By Paul Steinhauser, CNN Deputy Political Director
STORY HIGHLIGHTS
  • Santorum announced his candidacy near Pennsylvania coal mine where grandfather worked
  • A two-term U.S. senator, Santorum lost re-election bid in 2006
  • Santorum a favorite among social conservatives, influential in GOP primary process


"I've been a great, consistent leader of the conservative cause," the former two-term Republican senator from Pennsylvania told CNN's John King recently. "I've been someone who's had ideas, fought for those ideas and have been able to accomplish things."

Santorum formally announced his bid for the Republican presidential nomination on June 6, telling an audience that, "I'm ready to lead. I'm ready to do what has to be done for the next generation."

Santorum made his kickoff comments at a campaign event in Somerset County in the western part of his home state, near where his grandfather worked in a coal mine after coming to America from Italy.

Santorum said his grandfather came to Somerset County to escape fascist Italy, to "give his children, my dad, who 7 years old when he came in 1930, the opportunity for freedom, to live your dreams, because he knew America believed in him, believed in people, gave people a shot, if they worked hard, they could succeed."

Santorum is arguably the most frequent flyer in the battle for the 2012 Republican presidential nomination. Since 2009, he has made 15 trips to Iowa, where the caucus is the first contest in the election cycle, 18 to New Hampshire, which holds the first primary, and 15 to South Carolina, the state that holds the first primary in the South.

More Santorum coverage on the CNN Political Ticker

Late last year, Santorum started building up staff in these crucial early voting states.


For all his travel and appearances, Santorum still has very low name recognition among most Americans, and according to just about every poll, he registers in the low single digits nationally among Republican voters when it comes to the choice for their party's next presidential nominee. Because of his poll numbers and because he faces much better-funded rivals, Santorum faces long odds in his bid for the Republican presidential nomination.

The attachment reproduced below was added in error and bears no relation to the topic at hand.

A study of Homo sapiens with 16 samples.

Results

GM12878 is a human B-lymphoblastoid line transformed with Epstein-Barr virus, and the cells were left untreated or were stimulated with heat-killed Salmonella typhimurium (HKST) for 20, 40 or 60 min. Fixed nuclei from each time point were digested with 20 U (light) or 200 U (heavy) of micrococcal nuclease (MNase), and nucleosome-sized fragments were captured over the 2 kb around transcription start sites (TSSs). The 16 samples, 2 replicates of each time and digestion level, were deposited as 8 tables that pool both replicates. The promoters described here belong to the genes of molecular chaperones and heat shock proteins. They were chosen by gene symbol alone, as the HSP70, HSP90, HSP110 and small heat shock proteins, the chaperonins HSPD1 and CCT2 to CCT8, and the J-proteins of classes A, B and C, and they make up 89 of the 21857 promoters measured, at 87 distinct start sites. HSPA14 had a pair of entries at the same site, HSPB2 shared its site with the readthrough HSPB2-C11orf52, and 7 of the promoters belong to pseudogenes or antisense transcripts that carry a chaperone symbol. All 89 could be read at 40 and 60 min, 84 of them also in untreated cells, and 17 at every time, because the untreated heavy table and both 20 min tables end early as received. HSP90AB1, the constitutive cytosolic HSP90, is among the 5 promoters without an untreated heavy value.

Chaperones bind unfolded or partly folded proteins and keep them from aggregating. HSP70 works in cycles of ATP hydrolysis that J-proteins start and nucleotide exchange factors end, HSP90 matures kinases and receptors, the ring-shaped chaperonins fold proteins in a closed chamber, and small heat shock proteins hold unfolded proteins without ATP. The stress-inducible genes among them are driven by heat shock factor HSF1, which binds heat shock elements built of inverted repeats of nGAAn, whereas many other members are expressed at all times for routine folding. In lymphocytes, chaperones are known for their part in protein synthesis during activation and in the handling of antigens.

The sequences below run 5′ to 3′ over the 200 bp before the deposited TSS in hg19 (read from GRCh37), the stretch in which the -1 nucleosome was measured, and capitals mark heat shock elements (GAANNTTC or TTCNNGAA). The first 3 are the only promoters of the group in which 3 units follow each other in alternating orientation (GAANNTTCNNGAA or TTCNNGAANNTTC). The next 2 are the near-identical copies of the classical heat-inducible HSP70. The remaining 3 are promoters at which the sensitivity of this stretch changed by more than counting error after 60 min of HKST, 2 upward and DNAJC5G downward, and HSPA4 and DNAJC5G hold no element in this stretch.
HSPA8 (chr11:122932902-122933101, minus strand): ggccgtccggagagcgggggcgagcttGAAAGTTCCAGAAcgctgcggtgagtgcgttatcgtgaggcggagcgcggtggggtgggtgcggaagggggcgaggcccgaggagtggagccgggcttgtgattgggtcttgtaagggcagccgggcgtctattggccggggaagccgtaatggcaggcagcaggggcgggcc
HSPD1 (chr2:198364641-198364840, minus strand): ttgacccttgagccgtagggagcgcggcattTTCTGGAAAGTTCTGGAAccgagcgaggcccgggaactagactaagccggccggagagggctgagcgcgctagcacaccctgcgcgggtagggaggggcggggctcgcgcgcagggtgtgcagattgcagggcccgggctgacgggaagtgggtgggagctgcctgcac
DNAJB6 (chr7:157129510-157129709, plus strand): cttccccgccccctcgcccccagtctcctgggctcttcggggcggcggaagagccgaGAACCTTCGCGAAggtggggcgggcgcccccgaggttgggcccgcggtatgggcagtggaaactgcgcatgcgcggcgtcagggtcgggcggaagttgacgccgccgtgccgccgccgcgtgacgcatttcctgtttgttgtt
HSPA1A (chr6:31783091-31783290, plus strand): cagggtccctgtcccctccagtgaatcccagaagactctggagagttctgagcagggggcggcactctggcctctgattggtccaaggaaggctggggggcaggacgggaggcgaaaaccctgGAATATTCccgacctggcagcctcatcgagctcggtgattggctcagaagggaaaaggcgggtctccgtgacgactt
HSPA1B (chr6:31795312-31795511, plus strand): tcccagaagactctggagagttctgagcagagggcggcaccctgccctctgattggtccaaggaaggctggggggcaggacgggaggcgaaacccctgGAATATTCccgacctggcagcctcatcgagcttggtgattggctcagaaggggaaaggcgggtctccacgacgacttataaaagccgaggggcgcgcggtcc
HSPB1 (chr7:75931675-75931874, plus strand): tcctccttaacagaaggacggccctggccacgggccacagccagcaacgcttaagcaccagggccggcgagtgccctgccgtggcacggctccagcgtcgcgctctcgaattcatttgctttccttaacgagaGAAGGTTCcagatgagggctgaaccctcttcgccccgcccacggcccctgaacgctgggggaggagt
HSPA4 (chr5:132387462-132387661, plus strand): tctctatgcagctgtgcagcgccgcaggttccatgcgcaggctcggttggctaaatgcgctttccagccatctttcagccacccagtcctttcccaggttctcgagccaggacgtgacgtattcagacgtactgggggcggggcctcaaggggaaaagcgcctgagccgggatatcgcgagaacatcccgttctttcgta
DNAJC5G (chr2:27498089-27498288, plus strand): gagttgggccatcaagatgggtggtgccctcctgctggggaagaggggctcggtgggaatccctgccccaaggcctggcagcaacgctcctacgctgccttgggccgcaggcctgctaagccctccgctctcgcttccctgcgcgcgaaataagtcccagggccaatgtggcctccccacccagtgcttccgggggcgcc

But because of his strong opposition to abortion rights and gay rights, Santorum remains popular with many socially conservative voters who have long had an influential role in the GOP primary process. Earlier this spring, Santorum made headlines by winning a much-watched straw poll at the Greenville County, South Carolina, Republican convention.

At the Faith and Freedom conference, a recent gathering of social conservatives in Washington, Santorum highlighted his credentials saying, "I had always been pro-life, I had always been for traditional marriage, but I had always been like a lot of folks -- a lot of folks who weren't here last year but are here this year who come and make the pledge, vow to social conservatives that they'll check the boxes, they'll be for the things social conservatives care about. Ladies and gentlemen, I don't just take the pledge, I take the bullets."

Santorum also emphasizes his pro-Israel stance as well as his experience in the Senate when it comes to foreign policy, which could distinguish him from most of his rivals.

And he is hyping his fiscal conservative credentials. In recent interviews, Santorum suggested that House Budget Committee Chairman Rep. Paul Ryan's controversial budget is not strong enough, saying "not even Paul Ryan and his budget now has the temerity to go after Social Security,"

Santorum was elected to the House in 1990, at age 32, and first elected to the Senate four years later. He lost his 2006 re-election bid by 18 points to Democrat Bob Casey Jr. and until last year was largely out of public view except for appearances on the Fox News Channel.

He's married with seven children. His youngest, Bella, was born in 2008 with a serious genetic disorder (Trisomy 18), which in most cases is fatal.